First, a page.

2002 Denver Annual Meeting (October 27-30, 2002)

Paper No. 2
Presentation Time: 1:45 PM


FOLK, Robert L., Department of Geological Sciences, Univ of Texas, Austin, Austin, TX 78712, rlfolk@mail.utexas.edu

Many previous workers over the past century have documented the occurrence of filamentous microbes 1-10 µm in diameter in ancient cherts. Despite an overwhelmingly biologic appearance these objects are still controversial and even construed as inorganic “artifacts” by some workers. This paper concentrates on cherts containing yet more contentious “organisms” in the typical size range of 0.03-0.1 µm: the nannobacteria. They are often visible in freshly broken siliceous specimens but can be brought out more clearly with a slight etch in HF. Some chert specimens contain no nannobacteria and are therefore inorganic in origin; in other specimens the organisms form discrete colonies, and in other examples they are as closely packed as beans in a bag and form the bulk of the rock. In the latter they must play an important role in the precipitation of silica.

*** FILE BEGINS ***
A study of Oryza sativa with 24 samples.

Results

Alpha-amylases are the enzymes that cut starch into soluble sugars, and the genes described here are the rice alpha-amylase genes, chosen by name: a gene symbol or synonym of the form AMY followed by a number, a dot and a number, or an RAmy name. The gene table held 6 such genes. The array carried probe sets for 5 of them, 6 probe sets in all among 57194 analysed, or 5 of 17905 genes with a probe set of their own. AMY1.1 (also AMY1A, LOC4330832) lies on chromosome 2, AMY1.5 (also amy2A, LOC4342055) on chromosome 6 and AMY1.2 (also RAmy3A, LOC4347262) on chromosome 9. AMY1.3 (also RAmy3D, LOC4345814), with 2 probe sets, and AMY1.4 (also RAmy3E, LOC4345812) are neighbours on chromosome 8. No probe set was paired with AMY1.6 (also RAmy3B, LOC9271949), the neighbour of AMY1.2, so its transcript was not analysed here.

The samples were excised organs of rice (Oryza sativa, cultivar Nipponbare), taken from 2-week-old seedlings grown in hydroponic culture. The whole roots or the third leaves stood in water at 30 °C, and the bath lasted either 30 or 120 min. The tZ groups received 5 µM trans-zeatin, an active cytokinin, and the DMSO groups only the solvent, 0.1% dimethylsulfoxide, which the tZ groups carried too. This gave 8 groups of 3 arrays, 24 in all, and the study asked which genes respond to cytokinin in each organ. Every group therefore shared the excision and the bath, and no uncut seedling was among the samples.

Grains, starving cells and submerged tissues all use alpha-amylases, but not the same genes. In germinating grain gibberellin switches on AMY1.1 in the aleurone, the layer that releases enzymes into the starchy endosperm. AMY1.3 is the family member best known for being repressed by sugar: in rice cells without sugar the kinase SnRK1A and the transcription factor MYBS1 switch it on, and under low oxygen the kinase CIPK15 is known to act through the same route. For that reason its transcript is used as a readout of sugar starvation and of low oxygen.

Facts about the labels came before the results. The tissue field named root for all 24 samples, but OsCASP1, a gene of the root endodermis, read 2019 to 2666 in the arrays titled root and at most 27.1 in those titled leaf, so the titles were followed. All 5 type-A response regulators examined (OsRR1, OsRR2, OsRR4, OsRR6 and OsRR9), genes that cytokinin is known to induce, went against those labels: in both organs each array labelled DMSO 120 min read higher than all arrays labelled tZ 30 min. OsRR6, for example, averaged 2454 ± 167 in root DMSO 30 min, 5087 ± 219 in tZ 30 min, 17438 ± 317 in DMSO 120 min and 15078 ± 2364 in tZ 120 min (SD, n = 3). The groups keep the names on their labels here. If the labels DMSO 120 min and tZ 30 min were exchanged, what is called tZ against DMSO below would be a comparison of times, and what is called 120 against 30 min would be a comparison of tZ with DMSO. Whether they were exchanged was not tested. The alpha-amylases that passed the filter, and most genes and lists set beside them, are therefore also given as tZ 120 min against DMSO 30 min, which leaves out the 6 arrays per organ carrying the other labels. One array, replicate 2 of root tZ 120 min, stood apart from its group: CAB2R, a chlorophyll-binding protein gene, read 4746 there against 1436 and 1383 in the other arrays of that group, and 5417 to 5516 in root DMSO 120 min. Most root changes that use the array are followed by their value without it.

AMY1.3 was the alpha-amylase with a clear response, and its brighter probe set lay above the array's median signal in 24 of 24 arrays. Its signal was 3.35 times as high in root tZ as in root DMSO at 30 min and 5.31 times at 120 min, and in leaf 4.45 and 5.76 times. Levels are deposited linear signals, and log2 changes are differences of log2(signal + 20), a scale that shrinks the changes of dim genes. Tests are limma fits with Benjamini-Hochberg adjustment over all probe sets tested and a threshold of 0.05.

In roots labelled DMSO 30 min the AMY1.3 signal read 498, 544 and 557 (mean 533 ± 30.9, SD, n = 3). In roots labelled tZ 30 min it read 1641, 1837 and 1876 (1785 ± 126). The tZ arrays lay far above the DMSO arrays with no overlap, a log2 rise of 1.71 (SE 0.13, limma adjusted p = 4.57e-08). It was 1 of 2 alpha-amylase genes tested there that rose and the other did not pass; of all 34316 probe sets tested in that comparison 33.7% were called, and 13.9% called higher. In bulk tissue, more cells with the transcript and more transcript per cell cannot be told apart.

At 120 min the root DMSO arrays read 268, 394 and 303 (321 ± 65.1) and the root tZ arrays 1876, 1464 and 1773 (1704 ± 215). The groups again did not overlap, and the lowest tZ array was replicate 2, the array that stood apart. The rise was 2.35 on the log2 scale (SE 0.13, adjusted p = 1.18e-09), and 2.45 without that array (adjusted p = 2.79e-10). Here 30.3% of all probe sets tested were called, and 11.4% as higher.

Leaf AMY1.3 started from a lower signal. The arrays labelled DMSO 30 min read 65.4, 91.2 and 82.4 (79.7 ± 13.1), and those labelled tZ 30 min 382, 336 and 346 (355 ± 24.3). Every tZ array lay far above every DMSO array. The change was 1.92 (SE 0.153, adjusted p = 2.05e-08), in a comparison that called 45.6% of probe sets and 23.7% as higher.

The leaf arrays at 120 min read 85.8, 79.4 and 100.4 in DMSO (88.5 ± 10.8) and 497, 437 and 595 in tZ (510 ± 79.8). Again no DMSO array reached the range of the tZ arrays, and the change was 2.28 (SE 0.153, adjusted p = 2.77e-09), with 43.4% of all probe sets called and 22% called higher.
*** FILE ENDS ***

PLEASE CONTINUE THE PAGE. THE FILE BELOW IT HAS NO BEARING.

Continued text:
The size of the nannobacterial cells in cherts from Archaean to Recent is the same as their size in limestones, phosphates, pyrite, clay minerals, etc., as well as in more exotic locales such as petrified wood, human arterial plaque (hydroxyapatite) and the Martian meteorite. Such a constant size range over such a wide variety of chemical environments and ages indicates they are minute organisms rather than inchoate inorganic nuclei. The clincher is that nannobacteria have been cultured by microbiologist R. J. C. McLean and grown on dead leaves, where they form colonies of 30-70 nm silica spheroids.

Cristobalite lepispheres, common precursors of chert, are composed of blades, which in turn are made of a single layer of 30-40 nm nannobacterial cells. Chalcedonic infills of fossil tests are composed of an arbor vitae-like arrangement of silica blades, likewise composed of 30 nm balls in the form of planar dendrites. Precious opal cement in sandstone from Leesville, La. consists of 50-100 nm balls with areas of precise geometrical stacking. Such regular stacking patterns are characteristic of some viruses. Whether produced by viruses, nannobacteria, or “normal-sized” microbes, there is a very important interaction between microbiologist effects and the precipitation of SiO2.